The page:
Teaching with THRASS
Teachers using THRASS are able to easily cater for multi-level classrooms and support EALD Learners and students with Dyslexia or other Specific Learning Difficulties. It can also be used as an effective adult literacy strategy.
THRASS does not depend on specific intervention with individual learners but focuses on instructing teachers in the technique for whole-class implementation. Rather than being an additional task for an already time-poor teacher to work into a cluttered curriculum, THRASS is designed to form the cornerstone around which the teacher can build their classroom reading and writing activities, spanning all areas of the curriculum.
THRASS does not subscribe to an exclusively workbook model that provides ready-made lesson plans or page-turner worksheets for teachers and learners. Instead teachers can select from a comprehensive suite of print and digital resources to support and enhance their teaching.
THRASS is a cost-effective, whole-school literacy model that is sustainable from foundation onwards. It is most effective as a whole-school approach but can also be used effectively with individuals or in small groups. Successful implementation of THRASS® is dependent on the competence, commitment, skills and knowledge and understanding of the teacher using the pedagogy. As THRASS is a specific approach, professional development is vital. THRASS may be taught by teachers, teacher aides, speech pathologists, home tutors and parents.
Many children can wrongly be regarded as ‘good spellers’ because they are able to achieve 20/20 in a class spelling test. Unfortunately, many of these ‘good spellers’ get these same words wrong in their everyday spelling. Thus, as they pass through the grades, on one hand they are regarded as ‘good spellers’ because of results gained from weekly testing but looking at their spelling in everyday application and when tested using a standardised spelling test, their actual spelling looks as though it is going backwards.
The problem is they actually don’t know ‘how to spell’. They have a bank of words they can spell by rote but don’t know how to actually spell them. They do not have the strategies needed to successfully apply this information in everyday work or to encode newly encountered words.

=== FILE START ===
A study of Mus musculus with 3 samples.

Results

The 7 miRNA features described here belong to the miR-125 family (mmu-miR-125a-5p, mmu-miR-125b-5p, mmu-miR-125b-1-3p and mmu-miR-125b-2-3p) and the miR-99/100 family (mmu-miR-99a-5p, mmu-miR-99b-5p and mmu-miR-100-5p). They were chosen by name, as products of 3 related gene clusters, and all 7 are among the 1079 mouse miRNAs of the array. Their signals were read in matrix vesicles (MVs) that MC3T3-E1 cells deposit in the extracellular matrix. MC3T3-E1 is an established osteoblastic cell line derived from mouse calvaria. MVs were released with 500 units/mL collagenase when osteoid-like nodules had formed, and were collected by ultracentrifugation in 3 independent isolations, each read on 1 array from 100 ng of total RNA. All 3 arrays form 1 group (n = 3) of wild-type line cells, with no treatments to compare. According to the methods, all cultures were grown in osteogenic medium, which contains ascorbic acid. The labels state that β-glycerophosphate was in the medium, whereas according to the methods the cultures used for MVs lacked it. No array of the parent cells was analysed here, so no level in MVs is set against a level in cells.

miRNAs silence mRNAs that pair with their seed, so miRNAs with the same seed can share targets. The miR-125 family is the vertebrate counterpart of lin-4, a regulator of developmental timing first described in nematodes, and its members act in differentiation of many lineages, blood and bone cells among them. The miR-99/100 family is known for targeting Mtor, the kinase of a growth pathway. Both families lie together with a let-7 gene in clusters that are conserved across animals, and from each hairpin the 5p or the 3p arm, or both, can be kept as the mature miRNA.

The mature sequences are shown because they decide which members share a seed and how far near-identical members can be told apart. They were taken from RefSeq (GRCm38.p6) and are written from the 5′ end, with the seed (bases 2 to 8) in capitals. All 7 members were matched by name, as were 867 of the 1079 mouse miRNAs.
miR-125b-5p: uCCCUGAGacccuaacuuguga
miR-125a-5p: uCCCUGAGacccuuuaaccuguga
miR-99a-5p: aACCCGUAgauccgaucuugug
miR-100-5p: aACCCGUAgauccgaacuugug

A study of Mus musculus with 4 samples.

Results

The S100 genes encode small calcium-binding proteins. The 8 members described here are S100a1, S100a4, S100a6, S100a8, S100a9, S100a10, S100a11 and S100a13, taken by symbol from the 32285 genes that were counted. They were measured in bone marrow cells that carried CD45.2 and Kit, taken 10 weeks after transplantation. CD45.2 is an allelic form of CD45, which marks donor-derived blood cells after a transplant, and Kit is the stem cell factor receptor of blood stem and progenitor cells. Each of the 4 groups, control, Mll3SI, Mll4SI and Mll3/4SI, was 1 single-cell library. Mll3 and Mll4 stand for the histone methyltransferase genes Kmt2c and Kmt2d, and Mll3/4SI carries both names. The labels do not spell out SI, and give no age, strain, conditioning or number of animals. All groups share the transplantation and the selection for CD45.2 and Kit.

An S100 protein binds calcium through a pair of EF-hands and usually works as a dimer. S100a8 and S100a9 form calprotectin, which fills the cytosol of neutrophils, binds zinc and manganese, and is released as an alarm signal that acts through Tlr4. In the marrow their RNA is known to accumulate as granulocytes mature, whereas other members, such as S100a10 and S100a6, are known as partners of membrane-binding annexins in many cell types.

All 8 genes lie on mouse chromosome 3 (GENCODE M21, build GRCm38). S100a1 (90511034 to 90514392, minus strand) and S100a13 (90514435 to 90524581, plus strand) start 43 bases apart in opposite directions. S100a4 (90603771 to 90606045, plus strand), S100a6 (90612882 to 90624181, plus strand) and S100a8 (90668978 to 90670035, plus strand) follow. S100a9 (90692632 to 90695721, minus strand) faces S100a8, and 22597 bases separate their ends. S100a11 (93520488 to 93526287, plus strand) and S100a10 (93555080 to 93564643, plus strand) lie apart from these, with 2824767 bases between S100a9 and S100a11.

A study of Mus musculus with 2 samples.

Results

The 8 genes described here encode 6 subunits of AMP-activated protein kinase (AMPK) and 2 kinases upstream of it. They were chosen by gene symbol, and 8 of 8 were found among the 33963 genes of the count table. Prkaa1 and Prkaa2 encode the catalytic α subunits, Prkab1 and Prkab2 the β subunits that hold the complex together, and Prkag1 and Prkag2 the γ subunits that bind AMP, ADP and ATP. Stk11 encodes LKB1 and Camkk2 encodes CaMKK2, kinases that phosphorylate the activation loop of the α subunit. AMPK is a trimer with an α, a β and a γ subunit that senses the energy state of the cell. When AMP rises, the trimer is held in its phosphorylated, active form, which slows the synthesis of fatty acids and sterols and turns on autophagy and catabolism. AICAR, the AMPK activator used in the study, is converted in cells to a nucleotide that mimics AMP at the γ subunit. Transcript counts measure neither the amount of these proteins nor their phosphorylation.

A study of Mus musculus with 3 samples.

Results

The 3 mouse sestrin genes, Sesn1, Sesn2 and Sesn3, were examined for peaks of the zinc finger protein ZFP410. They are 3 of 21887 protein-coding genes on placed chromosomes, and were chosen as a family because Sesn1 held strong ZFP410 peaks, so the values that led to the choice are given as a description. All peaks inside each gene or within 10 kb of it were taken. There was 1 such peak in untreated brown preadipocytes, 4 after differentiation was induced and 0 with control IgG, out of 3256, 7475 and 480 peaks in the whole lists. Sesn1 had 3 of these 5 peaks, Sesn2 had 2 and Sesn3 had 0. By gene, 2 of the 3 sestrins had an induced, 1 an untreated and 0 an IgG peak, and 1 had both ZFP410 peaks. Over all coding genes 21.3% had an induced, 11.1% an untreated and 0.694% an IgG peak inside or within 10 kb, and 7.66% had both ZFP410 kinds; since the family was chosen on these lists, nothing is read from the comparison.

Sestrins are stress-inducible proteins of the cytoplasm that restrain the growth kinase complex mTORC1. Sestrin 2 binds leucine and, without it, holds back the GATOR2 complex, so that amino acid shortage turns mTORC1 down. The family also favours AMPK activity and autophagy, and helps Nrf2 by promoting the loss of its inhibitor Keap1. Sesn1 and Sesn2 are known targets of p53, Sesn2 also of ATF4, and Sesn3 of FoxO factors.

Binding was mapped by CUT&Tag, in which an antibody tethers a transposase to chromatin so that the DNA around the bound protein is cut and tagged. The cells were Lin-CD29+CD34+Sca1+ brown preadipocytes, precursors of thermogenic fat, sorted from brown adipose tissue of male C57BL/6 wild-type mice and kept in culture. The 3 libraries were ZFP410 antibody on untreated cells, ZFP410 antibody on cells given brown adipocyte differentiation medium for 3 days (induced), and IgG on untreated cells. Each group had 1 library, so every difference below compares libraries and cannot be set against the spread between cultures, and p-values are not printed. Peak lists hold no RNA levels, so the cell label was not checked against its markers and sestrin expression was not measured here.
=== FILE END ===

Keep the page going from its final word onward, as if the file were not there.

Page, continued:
Spelling workbooks and worksheets fail learners.
Giving learners an abstract spelling list of words that have no meaning or link to everyday work is an ineffectual use of both the teacher’s and learner’s time.
To become a good speller, the words chosen to be learnt must be meaningful and useful to the learner if they are going to be applied to memory. The spelling of a word must be practised in context to develop applied comprehension.
MASUTA gives the teacher control over the teaching of spelling
Orally articulate the word. Explore the meaning. Articulate the meaning. Explore alternate meanings. Explore homophones of the word. For example, see or sea, be or bee, bean or been, their, there.
Identify and segment the individual phonemes in the word. Identify the graphemes that represent each phoneme. Identify graphemes/ syllable sets that may need particular attention. By analogy, link words with the same grapheme/s.
Say/synthesise the phonemes in the word in the correct sequence (synthetic phonics). Explore phonetic understanding and synthesis using phoneme deletion / manipulation activities. For example, f r o g, without the ‘r’ would be ‘f o g’, s t r ee t without the first ‘t’ would be s r ee t.
Identify and synthesise phonemes in spelling words from memory.
Identify graphemes in spelling words from memory.
Link words with like phoneme patterns from memory.
Link words with like grapheme patterns from memory.
Link words with the same rhymes from memory.
Spell graphemes/words from memory using letter names.
Test List Words to assess that the learner is able to:
1. Articulate the word.
2. Articulate the word in a sentence to show meaning.
3. Identify and synthesise the phonemes in the word.
4. Isolate and write particular graphemes related to the word.
5. Spell the word correctly using letter names.
Standardised Testing to be undertaken twice a year to accurately monitor progress.
Apply skills and strategies to correctly spell words in everyday writing and dictation activities. Using learned skills and strategies to encode unfamiliar words.